Articles: Mainboards
 


Packaging and Accessories

MSI Big Bang-XPower II mainboard arrived in a large box with a carry handle. The front of the box is decorated with the “Big Bang” aftermath, which gave the name to this series.

The package is designed in accordance with all contemporary standards. Its front flip-cover is attached with Velcro and if opened allows you to see part of the mainboard inside through a clear plastic window. The back of the package has a mainboard photograph and a brief list of its technical specifications. The mainboard inside sits in an individual box and so do the accessories. They are pretty numerous and include the following items:

  • Eight SATA cables with metal connector locks, four with L-shaped locks and another four - with straight ones;
  • A set including a bracket and cables for bringing additional two eSATA ports to the case back panel;
  • Back panel bracket with two USB 3.0 ports;
  • A bridge for AMD CrossFireX graphics configurations;
  • Two short and one long bridge for Nvidia SLI graphics configurations;
  • “V-Check Cable” adapter set for manual voltage monitoring with a voltmeter;
  • “M-Connector” block including modules for easy connection of the system case front panel buttons, indicators and audio;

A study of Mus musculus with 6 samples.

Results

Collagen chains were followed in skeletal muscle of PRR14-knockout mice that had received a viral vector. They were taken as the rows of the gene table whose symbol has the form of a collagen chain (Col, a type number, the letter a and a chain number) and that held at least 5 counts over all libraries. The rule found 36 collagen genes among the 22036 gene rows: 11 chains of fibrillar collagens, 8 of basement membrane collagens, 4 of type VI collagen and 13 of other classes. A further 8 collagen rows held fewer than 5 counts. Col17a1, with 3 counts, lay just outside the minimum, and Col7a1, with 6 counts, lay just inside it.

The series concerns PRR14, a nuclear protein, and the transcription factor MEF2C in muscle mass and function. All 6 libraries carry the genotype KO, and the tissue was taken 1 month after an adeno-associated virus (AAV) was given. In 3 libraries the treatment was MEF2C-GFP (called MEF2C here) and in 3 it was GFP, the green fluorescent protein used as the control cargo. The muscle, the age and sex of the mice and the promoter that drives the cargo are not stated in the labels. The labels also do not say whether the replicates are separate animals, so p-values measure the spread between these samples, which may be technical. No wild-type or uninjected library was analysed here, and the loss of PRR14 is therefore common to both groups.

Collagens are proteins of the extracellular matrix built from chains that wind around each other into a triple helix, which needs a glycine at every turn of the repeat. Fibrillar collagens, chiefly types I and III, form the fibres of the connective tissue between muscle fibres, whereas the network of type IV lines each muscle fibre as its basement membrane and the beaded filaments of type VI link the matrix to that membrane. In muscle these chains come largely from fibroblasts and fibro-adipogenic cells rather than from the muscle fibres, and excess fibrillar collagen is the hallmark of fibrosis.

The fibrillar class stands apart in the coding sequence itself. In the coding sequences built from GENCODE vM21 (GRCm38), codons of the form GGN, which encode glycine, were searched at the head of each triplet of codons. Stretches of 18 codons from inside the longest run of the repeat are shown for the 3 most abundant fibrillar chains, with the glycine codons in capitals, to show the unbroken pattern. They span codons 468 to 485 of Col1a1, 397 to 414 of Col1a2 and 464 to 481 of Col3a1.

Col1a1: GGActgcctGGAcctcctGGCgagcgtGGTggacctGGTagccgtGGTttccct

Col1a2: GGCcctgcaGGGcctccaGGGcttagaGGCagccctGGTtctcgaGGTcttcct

• I/O Shield for the back panel;
  • A booklet on proprietary software;
  • Two booklets with assembly instructions;
  • A poster with overclocking recommendations;
  • User manual;
  • Reliability certificate listing all component testing methods;
  • DVD disk with software and drivers.

I would like to point out a few things here. As we will see later on, the board doesn’t have any eSATA ports, but this shortcoming is fully resolved by an additional back panel bracket with two eSATA ports and a set of cables for them. At the same time it is surprising that only Micro-Star’s mainboards still do not come with such an important accessory as the front panel bracket with additional USB 3.0 ports. Instead they offer a bracket for the back panel, where the board already has four USB 3.0 ports. Of course, it won’t hurt to have two more ports there, but they could be much more useful in the front.